Early Pregnancy Stress Linked to Kids' Schizophrenia Risk

February 5, 2008

Children born to mothers who experience stress due to the death of a relative during the first trimester of pregnancy may later face an increased risk of schizophrenia, according to research published in the February issue of the Archives of General Psychiatry.

TUESDAY, Feb. 5 (HealthDay News) -- Children born to mothers who experience stress due to the death of a relative during the first trimester of pregnancy may later face an increased risk of schizophrenia, according to research published in the February issue of the Archives of General Psychiatry.

Ali S. Khashan, of the University of Manchester in the United Kingdom, and colleagues analyzed data from 1.38 million births in Denmark from 1973 to 1995. Using national registries, researchers assessed whether pregnant women's close family members died or were diagnosed with cancer, heart attack or stroke up to six months before conception or during the pregnancy. They then examined data related to schizophrenia diagnoses in offspring from their 10th birthday through June 2005.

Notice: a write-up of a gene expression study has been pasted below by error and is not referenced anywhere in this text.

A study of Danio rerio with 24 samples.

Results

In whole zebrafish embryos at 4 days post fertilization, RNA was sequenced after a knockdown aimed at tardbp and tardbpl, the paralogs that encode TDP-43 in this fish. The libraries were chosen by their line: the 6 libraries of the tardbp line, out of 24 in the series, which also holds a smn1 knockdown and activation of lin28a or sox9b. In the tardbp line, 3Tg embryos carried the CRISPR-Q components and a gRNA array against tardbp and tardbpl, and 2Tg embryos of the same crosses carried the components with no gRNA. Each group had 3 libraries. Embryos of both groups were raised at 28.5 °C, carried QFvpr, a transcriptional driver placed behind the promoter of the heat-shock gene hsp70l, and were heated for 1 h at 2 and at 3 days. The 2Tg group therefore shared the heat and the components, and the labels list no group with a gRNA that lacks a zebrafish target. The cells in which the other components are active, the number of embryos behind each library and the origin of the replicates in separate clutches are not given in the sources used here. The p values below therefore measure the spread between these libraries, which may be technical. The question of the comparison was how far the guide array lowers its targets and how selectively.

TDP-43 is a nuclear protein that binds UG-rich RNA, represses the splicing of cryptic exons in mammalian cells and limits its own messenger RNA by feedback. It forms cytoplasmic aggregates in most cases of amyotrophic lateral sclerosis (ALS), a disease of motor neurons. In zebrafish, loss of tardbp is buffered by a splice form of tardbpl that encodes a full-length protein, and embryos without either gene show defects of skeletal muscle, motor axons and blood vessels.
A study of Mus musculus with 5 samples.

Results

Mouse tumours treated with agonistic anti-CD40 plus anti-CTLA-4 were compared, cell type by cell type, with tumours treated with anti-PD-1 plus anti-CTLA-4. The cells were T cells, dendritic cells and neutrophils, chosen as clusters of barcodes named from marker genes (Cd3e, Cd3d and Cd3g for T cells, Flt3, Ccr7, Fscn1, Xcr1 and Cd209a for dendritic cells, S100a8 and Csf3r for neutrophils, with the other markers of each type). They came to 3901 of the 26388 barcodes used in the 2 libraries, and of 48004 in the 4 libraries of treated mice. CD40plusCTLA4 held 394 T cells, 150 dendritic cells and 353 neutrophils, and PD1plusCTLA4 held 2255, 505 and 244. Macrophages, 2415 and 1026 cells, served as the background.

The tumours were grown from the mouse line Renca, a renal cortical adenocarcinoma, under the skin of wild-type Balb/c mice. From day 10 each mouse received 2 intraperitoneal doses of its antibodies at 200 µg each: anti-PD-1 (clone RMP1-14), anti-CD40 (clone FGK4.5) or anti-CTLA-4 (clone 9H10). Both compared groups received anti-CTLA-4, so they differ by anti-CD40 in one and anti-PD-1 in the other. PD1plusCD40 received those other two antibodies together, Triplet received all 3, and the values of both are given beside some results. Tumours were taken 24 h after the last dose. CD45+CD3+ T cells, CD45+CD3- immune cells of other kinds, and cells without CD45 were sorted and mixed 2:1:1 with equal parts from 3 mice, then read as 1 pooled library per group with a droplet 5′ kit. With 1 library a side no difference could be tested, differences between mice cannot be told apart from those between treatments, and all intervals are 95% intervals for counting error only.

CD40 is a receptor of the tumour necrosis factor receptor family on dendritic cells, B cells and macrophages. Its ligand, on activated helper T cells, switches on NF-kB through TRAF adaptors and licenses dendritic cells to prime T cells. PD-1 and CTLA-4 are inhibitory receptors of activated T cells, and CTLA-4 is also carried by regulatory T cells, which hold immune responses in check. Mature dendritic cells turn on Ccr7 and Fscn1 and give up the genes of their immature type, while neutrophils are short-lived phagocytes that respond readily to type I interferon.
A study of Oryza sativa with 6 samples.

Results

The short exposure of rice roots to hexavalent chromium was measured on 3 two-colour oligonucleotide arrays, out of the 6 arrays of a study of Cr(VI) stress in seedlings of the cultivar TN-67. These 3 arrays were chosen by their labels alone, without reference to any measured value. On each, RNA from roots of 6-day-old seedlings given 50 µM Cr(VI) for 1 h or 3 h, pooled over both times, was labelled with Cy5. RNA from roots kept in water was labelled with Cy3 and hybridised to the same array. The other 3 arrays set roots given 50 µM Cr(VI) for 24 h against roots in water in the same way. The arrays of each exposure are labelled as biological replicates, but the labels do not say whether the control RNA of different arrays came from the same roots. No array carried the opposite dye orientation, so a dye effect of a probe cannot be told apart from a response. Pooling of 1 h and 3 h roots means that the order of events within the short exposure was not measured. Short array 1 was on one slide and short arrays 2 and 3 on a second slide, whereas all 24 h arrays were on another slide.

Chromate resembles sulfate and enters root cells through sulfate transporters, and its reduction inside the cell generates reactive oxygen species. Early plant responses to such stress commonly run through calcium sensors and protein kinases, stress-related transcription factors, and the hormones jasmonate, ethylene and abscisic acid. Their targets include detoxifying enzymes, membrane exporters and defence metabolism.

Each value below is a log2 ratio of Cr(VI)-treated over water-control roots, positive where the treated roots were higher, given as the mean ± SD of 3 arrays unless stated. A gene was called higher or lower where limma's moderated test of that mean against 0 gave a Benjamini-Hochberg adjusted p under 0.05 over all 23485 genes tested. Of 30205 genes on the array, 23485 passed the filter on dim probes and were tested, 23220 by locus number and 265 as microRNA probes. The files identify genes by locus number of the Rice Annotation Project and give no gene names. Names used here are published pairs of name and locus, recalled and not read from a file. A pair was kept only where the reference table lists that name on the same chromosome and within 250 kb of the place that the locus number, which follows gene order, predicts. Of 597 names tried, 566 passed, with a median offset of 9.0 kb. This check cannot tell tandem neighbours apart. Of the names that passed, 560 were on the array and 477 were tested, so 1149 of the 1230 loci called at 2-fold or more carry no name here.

The death of a close relative during the first trimester was associated with an increased risk of schizophrenia in the offspring (adjusted relative risk 1.67). Deaths before pregnancy or during other trimesters weren't related to higher risk, nor were illness diagnoses in relatives.

"Our population-based study indicates that severe stress to a mother in the first trimester of pregnancy is associated with an increased risk of schizophrenia in the offspring," the authors write. "This finding is consistent with other evidence from whole populations exposed to severe stressors but requires replication in larger samples to allow examination of, for example, sex differences."